It occurs to me that if you handle LIMIT during fetch, you'll add complexity the fetch, and might only see run time gains in the cases where the number of desired rows is small.
If a column contains unique data it should be marked as such in whatever way your RDBMS requires (e.g. UNIQUE constraint and/or UNIQUE index)
The big innovation of Lehman and Yao was that their right link technique obviates the need for "latch coupling", or in Postgres terms the crabbing of buffer locks. In other words, the Postgres implementation need only lock one page/buffer at a time as an index scan descends the B-Tree, rather than alternately locking a single page, then its child, then unlocking the parent, and once again locking the child (the grandchild of the original page). Certain other B-Tree implementations must do this until their descent reaches a leaf page, and locking multiple pages at once just to service index scans can hurt concurrency a lot (I think that they might need to be exclusive locks for writes, which is particularly poor).
These low-level locks are not to be confused with lock manager locks that have deadlock detection and so on. They're low-level Readers–writer locks, and are far more lightweight (hence the Postgres term "LWLock").
The basic idea of Lehman and Yao is that index scans of all types may detect and recover from a concurrent page split my following a right-link (having found that the page high key is logically less than the scankey value). It won't matter that the parent page was observed to not have the new downlink that is inserted after a page split, except that we need to look right.
"indices is generally preferred in mathematical, financial, and technical contexts, while indexes is relatively common in general usage"
B-tree means "binary tree" and are not inherently balanced. There are plenty of specific types of self balancing tree algorithms, but I believe the default implementation of b-trees by definition are not self-balanced.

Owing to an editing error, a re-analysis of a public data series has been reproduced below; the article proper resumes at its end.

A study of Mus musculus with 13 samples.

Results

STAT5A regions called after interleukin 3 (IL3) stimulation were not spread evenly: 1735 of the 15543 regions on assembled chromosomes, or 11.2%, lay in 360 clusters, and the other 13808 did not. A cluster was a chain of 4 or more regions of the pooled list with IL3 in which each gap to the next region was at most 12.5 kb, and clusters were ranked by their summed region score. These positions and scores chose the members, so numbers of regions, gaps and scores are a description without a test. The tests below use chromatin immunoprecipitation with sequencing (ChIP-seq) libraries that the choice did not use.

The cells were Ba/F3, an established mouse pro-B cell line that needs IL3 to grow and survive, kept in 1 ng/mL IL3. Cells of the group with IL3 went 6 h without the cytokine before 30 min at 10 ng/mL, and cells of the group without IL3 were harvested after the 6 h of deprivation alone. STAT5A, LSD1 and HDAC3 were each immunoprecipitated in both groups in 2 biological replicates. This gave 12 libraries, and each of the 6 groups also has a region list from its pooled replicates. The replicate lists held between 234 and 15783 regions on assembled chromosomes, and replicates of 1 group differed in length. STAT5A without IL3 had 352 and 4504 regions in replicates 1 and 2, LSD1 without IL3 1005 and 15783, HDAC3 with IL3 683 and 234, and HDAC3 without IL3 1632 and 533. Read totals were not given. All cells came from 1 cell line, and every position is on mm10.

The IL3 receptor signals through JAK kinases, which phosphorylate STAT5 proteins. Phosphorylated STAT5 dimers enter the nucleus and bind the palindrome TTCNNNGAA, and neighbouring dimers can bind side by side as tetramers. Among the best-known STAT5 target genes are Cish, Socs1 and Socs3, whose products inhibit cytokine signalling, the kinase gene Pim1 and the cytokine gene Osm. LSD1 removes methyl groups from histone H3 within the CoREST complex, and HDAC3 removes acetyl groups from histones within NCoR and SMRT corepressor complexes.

Edit: this comment is incorrect. There is a difference between b-trees and binary trees.
After a talk at CPM 2013 (24th Annual Symposium on Combinatorial Pattern Matching, Bad Herrenalb, Germany, June 17–19, 2013), Ed McCreight answered a question on B-tree's name by Martin Farach-Colton saying: "Bayer and I were in a lunch time where we get to think a name. And we were, so, B, we were thinking… B is, you know… We were working for Boeing at the time, we couldn't use the name without talking to lawyers. So, there is a B. It has to do with balance, another B. Bayer was the senior author, who did have several years older than I am and had many more publications than I did. So there is another B. And so, at the lunch table we never did resolve whether there was one of those that made more sense than the rest. What really lives to say is: the more you think about what the B in B-trees means, the better you understand B-trees."
"The B-tree is a generalization of a binary search tree in that a node can have more than two children (Comer 1979, p. 123). Unlike self-balancing binary search trees, the B-tree is optimized for systems that read and write large blocks of data."
Long ago in one of my CS classes, I wrote binary tree, 2-3, 2-3-4, red black, and AVL tree algorithms. So I guess I learned about binary vs self-balancing. I did not know about b-trees. I made the mistake of thinking that b-tree meant binary tree.